The government has signalled a swathe of housing and other developments across the city, planning to open up major public housing blocks for redevelopment and rezone key areas.
The public housing blocks set for redevelopment are the troubled Stuart Flats in Griffith, Gowrie Court in Narrabundah, Strathgordon Court off Melrose Drive in Woden, and the Red Hill Flats, in total containing 385 units.
They are all set for rezoning to allow high-density residential development, which may or may not include 10 per cent public housing.
The government housing which stretches the length of Cygnet Crescent opposite the Red Hill Flats is also part of the mix, to be rezoned as part of what the government is calling an “omnibus variation” to the Territory Plan.
In Dickson, a block of three-bedroom houses on Morphett Street and Lowrie Street is to be rezoned, although the new zoning is yet to be determined.
This is the first time the government has gathered such a number of disparate projects in a single Territory Plan variation, which deals with developments across the city in one fell swoop. The draft variation is to be prepared by September.
It includes a large block of land in Dickson to be rezoned to allow high-density residential and other development. The block takes in the built area on Antill Street behind the Dickson pool, stretching up to Hawdon Place adjoining the Dickson sports grounds.
The rezoning includes the Dickson pool but the government says it has no plans to touch the pool. Rather, it wants to allow residential development in the blocks behind.
An area of the Stromlo Forest Park is to be rezoned to allow a planned hotel, camping ground and swimming pool near the mountain bike park.
Two blocks on the Federal Highway in Watson are to be rezoned to allow high-density residential development, extending the spread of new units and townhouses at the northern end of Watson.
The former Downer Primary School is included in the change, with plans to redevelop the site for affordable housing.
In Kaleen a vacant site on Baldwin Drive, once home to the bocce club, is to be rezoned for medium-density housing.
Most of the public housing blocks - including the Stuart Flats, Gowrie Court, Strathgordon Court and Red Hill Flats - are proposed to be zoned RZ5, which allows high-density apartments, with a maximum height of 21.5 metres and generally six storeys.
But depending where they are, the rules can specify greater or lesser heights to fit in with surrounding houses, and the government points out that it is still consulting on the suggested zones.
Despite the multi-unit public housing that exists on the blocks, at the moment most of them are zoned only RZ1 or RZ2, which covers low-density and low-rise houses.
In Stirling, land behind the Weston Creek Labor Club is to be rezoned to allow residential development.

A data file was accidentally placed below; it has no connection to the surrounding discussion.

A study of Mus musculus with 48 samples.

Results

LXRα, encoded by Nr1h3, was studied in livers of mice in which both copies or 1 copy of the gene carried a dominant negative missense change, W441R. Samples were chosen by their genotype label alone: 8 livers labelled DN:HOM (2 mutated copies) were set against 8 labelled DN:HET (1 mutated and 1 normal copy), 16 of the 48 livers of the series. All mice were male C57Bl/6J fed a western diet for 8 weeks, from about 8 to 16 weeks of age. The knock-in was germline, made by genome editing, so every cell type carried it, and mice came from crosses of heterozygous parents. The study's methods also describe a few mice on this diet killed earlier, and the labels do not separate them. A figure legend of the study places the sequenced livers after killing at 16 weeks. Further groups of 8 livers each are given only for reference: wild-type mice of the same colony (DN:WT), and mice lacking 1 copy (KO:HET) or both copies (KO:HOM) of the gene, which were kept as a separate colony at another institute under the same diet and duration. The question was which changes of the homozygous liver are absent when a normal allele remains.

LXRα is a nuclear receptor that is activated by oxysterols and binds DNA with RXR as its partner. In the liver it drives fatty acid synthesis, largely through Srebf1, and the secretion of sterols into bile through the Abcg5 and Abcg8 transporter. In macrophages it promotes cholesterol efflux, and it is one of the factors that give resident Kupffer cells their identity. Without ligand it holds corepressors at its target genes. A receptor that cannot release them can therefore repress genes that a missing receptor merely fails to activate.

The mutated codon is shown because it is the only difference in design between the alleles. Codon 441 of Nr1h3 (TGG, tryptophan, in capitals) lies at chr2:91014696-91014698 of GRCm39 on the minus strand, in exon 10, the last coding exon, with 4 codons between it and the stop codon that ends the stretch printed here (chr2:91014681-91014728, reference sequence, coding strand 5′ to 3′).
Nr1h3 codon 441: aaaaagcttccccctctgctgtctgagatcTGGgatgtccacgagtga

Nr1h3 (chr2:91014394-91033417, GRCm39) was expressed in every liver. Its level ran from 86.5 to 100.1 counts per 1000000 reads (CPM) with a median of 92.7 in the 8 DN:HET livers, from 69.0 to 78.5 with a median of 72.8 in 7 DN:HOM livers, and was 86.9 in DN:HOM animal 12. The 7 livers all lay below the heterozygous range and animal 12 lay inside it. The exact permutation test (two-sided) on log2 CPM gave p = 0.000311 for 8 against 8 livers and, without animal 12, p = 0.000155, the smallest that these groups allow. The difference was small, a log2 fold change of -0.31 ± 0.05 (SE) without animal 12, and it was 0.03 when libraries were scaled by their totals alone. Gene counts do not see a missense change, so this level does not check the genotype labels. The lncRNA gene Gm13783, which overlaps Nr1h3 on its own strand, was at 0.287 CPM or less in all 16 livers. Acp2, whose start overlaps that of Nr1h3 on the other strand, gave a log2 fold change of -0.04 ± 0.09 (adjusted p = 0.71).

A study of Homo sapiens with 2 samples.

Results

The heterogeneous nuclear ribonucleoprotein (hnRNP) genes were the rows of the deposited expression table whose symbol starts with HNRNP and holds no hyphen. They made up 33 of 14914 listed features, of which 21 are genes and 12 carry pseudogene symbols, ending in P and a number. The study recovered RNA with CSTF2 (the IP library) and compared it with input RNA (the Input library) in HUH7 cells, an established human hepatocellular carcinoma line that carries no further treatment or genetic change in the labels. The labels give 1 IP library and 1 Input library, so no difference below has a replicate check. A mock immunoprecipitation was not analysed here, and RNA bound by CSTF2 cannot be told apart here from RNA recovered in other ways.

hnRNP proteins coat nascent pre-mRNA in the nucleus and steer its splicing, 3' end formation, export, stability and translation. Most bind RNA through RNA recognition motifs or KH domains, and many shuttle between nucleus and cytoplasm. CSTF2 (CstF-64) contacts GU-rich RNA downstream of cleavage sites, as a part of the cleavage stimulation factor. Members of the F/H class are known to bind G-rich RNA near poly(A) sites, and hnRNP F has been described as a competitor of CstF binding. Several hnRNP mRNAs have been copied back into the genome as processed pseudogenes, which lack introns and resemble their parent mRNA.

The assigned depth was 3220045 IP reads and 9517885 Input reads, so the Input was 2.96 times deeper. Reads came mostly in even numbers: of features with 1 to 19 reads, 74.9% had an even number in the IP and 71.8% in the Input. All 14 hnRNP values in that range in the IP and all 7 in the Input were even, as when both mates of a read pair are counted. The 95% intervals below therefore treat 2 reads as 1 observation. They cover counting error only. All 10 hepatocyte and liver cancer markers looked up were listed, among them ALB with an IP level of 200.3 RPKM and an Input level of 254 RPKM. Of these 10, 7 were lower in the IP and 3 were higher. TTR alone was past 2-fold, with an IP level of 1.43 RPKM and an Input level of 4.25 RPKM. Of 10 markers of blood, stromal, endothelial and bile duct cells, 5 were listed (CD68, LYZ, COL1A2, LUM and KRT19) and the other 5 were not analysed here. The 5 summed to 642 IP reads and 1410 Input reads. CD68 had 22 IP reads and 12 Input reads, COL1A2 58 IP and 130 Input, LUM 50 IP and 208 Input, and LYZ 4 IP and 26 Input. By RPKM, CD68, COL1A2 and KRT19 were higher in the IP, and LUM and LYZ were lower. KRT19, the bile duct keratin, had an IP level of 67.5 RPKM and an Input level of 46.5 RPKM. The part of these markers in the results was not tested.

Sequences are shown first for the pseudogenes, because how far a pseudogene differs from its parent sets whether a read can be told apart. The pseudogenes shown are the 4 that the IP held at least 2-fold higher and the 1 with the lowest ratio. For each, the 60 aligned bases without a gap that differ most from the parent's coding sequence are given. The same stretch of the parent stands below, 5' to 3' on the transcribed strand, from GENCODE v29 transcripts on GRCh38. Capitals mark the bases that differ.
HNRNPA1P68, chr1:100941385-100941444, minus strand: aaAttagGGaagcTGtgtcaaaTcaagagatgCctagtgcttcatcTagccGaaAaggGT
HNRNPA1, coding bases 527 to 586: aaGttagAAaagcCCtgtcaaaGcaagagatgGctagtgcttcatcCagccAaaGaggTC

In Greenway, more land on Mortimer Lewis Drive next to Lake Tuggeranong and near the dog park is to be zoned for residential development.
In Mitchell, a new block is to be opened for industrial development beside the crematorium. In Fyshwick more land is to be opened up for DFO-style development stretching along Canberra Avenue towards Queanbeyan.
Across Canberra Avenue and along Hindmarsh Drive towards the Monaro Highway, the vacant land is to be rezoned to allow a range of industrial and retail uses.
The land is beside the Amtech Estate, which was to have been a concentration of high-tech companies, but the high-tech vision failed to eventuate and the ACT government now wants to open up the adjoining land to light-industrial uses like other areas of Fyshwick.
In Manuka, the government is considering the future of a block on Flinders Way just up from the shopping centre, now home to a childcare centre.
It is also considering and the land along Manuka Circle backing on to the Manuka Oval that includes an arts centre, cricket nets, and formerly the Canberra Services Club.
These sections were to be part of the omnibus Territory Plan variation but on Thursday the government said they were off the list for now.
Acting executive director of housing and community services David Collett said changes to the Territory Plan could take months or years, and the “omnibus” approach, of making a number of changes at once, was designed to streamline the process, meant community groups could comment on several proposals at once, and allowed people to get a sense of the overall approach to redevelopment across the city.
Mr Collett said Canberra’s public housing was largely developed from homes built for public servants, and now needed updating and modernising. The government also wanted to break down the concentrations of disadvantage in some of the major public housing blocks, and was looking to a limit of about 10 per cent public housing in new developments.